Volume 95, Issue 92

Wednesday, March 27, 2002

"Outcasts" feel at home

"Snake lady" charms Western audience

Ladies shun the computer nerd lifestyle

Tuesday, bloody Tuesday

School is back in session after four week strike at Dalhousie

School is back in session after four week strike at Dalhousie

By Paolo Zinatelli
Gazette Staff

A tentative agreement has been reached at Dalhousie University in Halifax, Nova Scotia between striking faculty and university administration.

According to a joint news release from both Dalhousie University and the Dalhousie Faculty Association sent Tuesday evening, the agreement was reached with the assistance of a provincial mediator, Milton Veniot.

The strike had stretched into its fourth week, with yesterday being the fourth day of negotiations with the provincial mediator.

The agreement is still subject to approval by the DFA executive committee, the DFA bargaining unit and ratification by the Dalhousie Board of Governors.

The DFA's main areas of contention concerned salary levels and the university's policy of replacing full-time staff with part-time faculty.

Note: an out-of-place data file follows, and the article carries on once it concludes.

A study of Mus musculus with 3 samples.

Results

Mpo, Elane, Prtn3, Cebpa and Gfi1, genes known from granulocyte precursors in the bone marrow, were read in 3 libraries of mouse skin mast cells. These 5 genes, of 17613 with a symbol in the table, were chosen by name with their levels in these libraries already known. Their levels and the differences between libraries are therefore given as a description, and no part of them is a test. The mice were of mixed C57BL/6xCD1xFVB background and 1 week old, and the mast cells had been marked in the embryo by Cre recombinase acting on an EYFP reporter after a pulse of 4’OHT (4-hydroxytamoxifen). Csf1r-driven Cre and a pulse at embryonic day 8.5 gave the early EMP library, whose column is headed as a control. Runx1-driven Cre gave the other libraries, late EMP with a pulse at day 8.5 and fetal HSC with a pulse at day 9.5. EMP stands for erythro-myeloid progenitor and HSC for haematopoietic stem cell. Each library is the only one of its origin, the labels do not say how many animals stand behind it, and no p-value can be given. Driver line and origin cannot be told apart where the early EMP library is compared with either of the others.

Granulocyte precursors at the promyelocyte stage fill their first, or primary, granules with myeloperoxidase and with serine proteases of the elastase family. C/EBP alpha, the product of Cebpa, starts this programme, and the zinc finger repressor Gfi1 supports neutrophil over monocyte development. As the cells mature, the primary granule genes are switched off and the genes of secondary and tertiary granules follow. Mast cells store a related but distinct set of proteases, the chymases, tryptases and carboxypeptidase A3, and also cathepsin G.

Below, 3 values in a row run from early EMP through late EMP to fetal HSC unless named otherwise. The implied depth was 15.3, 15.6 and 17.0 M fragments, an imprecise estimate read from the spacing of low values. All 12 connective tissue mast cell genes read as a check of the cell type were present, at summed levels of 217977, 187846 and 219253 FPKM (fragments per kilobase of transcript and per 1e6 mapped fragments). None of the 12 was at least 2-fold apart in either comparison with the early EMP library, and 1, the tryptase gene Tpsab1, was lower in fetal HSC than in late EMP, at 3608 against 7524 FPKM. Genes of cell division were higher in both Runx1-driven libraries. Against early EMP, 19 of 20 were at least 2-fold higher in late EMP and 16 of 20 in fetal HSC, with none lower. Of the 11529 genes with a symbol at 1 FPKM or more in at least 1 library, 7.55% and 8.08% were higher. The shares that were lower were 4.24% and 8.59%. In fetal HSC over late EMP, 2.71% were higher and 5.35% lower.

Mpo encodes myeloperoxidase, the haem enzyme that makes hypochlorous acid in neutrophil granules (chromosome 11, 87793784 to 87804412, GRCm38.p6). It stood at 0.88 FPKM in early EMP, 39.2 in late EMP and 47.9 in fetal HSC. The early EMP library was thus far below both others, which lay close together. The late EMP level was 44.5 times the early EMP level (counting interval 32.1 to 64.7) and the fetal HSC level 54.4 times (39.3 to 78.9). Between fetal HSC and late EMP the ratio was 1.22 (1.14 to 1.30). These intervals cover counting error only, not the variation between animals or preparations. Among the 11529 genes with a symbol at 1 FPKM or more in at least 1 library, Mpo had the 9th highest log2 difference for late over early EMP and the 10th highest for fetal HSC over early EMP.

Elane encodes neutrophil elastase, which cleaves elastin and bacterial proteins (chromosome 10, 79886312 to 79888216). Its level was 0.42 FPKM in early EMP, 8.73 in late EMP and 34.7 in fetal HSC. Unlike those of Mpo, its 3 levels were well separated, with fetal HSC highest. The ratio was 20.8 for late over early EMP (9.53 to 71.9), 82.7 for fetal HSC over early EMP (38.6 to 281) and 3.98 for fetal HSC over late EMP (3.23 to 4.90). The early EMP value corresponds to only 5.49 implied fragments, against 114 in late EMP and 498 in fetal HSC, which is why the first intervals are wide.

Contract negotiations between the DFA and the university's Board of Governors, which began in July, broke off Dec. 18.

Faculty members walked off the job at Dalhousie, a school with 14 thousand students, on Monday, Mar. 4.

The strike at Dalhousie also caused the cessation of classes at a second university in Halifax.

The University of King's College, which shares faculty resources with Dalhousie, cancelled most of its classes – despite the fact that all King's faculty members are not on strike. A majority of UKC's faculty teach solely at the college, but a minority also teach classes at Dalhousie.

Dalhousie spokeswoman Stacy Lewis said classes at King's were cancelled out of "fairness to students," despite King's faculty-members not being a part of the DFA.

"[Cancelling classes] has to do with an administration position at King's," said Richard Newman, University of King's College Students' Union VP-internal, adding students just want to resume classes.

"My impression is that it is a political sympathy move on the part of [King's] professors [to cancel classes]," said Courtney Crumb, a third-year history and contemporary studies student enrolled at King's, noting her own classes have been canceled.

According to Dalhousie Student Union president Shawn Tracey, even though the DSU has spoken out on certain aspects of the strike, it does not support either side in the dispute. Students were fed up with both sides' apparent lack of effort to find a resolution, he added.

The released statement said details of the agreement will not be made public until a membership meeting and any decision to resume classes depends on the outcome of the vote to be held no later than Thursday.